There’s something a bit superfluous and a bit naive and a bit daft about this post. But after last night and this afternoon I just want to express how much at present I love the theatre. Of course I am deeply involved with the Royal Shakespeare Company and the thrilling and thoughtful and hilarious pair of Henry IV productions (coming soon to cinemas on 14 May and 18 June). But I want here to hymn two other productions that have excited me and moved me and provoked me and prompted tears from me over the past twenty-four hours. One is A View from the Bridge by Arthur Miller, directed by Ivo van Hove (the link is to an excellent Guardian backgrounder) and still in previews at the Young Vic (until 7 June). The other is Much Ado About Nothing which is directed by Maria Aberg and has just opened at the Royal ExchangeTheatre, Manchester (until 3 May, above). Both, in their different ways, left me touched with wonder.
Maria Aberg directed a revelatory King John in The Swan in 2012 and a glorious As You Like It in Stratford’s main house last year. She returns to the RSC to direct John Webster’s The White Devil this summer, but in the meantime she has been in Manchester making a thoroughly delightful and moving Much Ado About Nothing. The last time I saw the play was at Wyndham’s in that coarse farrago with David Tennant and Catherine Tate. Thankfully, this production is so much more nuanced and complex, and as a consequence both funnier and far more moving.
Marty Cruikshank is a wonderful Leonata (Maria Aberg enjoys playing with the genders of key characters) and I really admired Paul Ready as Benedick, while Ellie Piercy as Beatrice at times looks disconcertingly like a young Emma Thompson (who played the part in Kenneth Branagh’s film version) and emerges as a fine actress. I have never seen the Dogberry scenes work in the way that they unquestionably do here and the post-World War Two setting is sometimes provocative and never intrusive.
In the video Maria Aberg says,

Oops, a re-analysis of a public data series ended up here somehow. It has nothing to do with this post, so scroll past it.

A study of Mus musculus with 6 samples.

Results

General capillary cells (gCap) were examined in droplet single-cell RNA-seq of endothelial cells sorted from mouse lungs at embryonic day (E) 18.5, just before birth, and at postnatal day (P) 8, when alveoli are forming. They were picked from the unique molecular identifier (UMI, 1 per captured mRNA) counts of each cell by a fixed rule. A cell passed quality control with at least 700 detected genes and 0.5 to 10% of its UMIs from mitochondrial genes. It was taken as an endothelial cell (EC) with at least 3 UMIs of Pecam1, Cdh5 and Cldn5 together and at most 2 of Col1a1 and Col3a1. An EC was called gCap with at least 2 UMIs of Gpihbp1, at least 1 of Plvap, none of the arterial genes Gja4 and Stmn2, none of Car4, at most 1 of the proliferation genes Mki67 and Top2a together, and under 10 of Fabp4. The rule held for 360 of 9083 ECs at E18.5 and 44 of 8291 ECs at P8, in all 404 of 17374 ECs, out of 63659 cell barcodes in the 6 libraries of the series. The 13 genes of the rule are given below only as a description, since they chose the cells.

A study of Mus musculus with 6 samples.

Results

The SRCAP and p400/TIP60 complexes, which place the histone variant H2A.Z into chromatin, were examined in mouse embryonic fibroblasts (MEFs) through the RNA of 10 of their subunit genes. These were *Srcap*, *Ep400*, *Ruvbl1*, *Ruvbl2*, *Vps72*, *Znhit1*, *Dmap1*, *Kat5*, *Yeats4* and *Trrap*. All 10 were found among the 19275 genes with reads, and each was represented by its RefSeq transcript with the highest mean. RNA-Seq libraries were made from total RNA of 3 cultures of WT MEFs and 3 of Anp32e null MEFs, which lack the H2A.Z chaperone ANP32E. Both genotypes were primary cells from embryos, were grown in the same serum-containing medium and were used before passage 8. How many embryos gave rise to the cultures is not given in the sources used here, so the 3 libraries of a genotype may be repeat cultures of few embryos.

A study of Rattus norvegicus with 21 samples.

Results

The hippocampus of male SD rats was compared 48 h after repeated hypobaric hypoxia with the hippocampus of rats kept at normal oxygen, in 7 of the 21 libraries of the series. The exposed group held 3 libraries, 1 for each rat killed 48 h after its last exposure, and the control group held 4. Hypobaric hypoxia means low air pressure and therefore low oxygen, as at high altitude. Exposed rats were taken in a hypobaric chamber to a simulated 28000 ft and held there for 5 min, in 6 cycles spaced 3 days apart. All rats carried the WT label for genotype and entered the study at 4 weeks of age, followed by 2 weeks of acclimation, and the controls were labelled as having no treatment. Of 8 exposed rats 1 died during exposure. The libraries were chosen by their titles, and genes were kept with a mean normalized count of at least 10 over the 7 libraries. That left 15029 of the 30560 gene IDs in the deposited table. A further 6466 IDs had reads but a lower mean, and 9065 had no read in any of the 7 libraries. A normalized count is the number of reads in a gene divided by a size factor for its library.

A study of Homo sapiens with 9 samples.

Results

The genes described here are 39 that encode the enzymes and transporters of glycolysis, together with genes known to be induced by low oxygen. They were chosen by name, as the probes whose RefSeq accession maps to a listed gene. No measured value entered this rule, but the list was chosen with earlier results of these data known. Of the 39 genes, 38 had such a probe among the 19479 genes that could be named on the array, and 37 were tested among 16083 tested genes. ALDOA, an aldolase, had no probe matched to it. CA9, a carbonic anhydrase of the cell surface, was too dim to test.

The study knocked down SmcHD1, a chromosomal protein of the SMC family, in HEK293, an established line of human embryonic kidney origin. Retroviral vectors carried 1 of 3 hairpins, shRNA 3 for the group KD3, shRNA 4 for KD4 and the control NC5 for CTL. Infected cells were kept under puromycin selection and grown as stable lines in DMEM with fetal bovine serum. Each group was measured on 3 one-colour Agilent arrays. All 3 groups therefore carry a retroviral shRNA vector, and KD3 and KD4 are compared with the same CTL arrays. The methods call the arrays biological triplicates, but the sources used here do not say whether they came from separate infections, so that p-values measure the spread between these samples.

For a play as joyous as this – in which community and celebration is so important – the Royal Exchange may well be the perfect theatre. Audiences can expect joy, belly laughs, hopefully the odd teary eye – a surprising and heartfelt evening about the rough and irresistible magic of falling in love.
Which just about sums up my response – a lot of laughs, tears trickling down my cheeks for the last 15 minutes and a glorious sense of joy as I left the theatre. Part of this, of course, derives the glory of some of Shakespeare’s most beautiful verse. Part comes from the overwhelming sense of the redemptive power of love. And part is the delicacy and beauty that the cast and the creative team achieve, not least with the transformation of the theatre space before the final scene. After this, my anticipation of The White Devil has ratcheted up yet one more notch.
The final scene of A View from the Bridge is also spectacular – and shocking and, in its way, redemptive. But I fear by writing this that I have already revealed too much. Certainly I was happy that I went last night without any sense of what the production would offer – and that innocence will be harder to maintain after the reviews come out later this week. Similarly harder then will be securing a ticket, because I will be very surprised if raves don’t cause a rush at the box office.
Miller’s play is both of its moment and entirely contemporary, Mark Strong is simply magnificent in the main role, and there is a simplicity and a clarity and a fierce intelligence driving the production forward. As I sat through the two hours (no interval) I felt excited and fearful and troubled and pummelled and wondering and astonished and ultimately exhilarated. Just at the moment these are all emotions that the theatre is offering often, albeit not with the intensity of last night. As for the other art forms… well, let’s say, not so much.